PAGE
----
By Mira Kuhar


One of these panel that stuck out to me the post was “Does Social Media Make Concerts Better?” I was intrigued by the title, because at first I thought it was going to be centered around the negativity of social media and how it can be a distraction and take away from experience. However, what I experienced was the complete opposite. 

The panel consisted of three professionals: Scott Carlis, VP of Digital Social Media and Marketing for AEG Global Partnerships, Hugh McIntyre, music write for Forbes, Glenn Minerley, VP Group Director of Music and Entertainment and Craig Goodfriend, Industry Manager of Facebook. Also on the panel was Jean-Philip Grobler of the band St. Lucia who spoke to the benefits/downsides of social media at concerts from an artist’s stand point.

The discussion started off with a few interesting statistics regarding music, millennials and social media:

These statistics reflected what the panel was all about: social media truly does make concerts better. In the opinion of these professions, social media enhances the concert experience before and after the show, not just during like one would think. This gives brands and bands a way to enter the social media conversation like never before; there are so many ways to continue connecting with your audience than just through the hour or so of your show. 

Social media has done so much more than just change the concert experience though; it has in return changed the way albums are cycled, the way concert tickets are purchased, the way artists connect with fans and the way fans consume music. The pattern of influence has shifted because of social media, and the impact on the music business because of this is extremely evident.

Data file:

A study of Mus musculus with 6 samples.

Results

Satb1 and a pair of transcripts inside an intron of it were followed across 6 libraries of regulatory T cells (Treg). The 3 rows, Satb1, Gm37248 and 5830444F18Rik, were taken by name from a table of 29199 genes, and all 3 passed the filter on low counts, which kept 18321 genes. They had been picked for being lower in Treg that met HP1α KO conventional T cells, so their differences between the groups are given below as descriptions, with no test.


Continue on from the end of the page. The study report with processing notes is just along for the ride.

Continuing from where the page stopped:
It has completely changed the live music experience for millennials. Now, with just the few clicks of a button (or touch screen), fans can continue to engage with their favorite artists before during and after the show, and share that experience with so many others, especially the ones that couldn’t be in attendance. Being able to connect with a show in this type of way makes the experience better for the concert attendee; they feel more connected when they’re using all the tools available to indulge in a show in this way. 

One interesting piece of information that I took away regarding a specific social media site had to do with the Instagram experience. According to the professionals and artist on this panel, Instagram is a great way for brands and bands to connect with their fans. You can easily share your photos from here and push it out to all other platforms, which makes it an ideal place to house content. Also, there are so many users on Instagram that it’s easy for fans to connect with their favorite artists. Engagement rates are extremely high with Instagram, and because of this posting content on here can carry a lot of weight when you want your fans to see what you’re doing or you want your voice/story to be heard. 

In conclusion, when social media is used to enhance the concert experience, we view brands and bands in a better light and are happy that we can continue to connect before and after the show. In all, its about being authentically cool; making your fans love the work you are doing, and showing them in a way that is real and not fluffed or made up. Social media does intact make concerts better, and it will continue to help shape live music and the music industry in general for many years to come.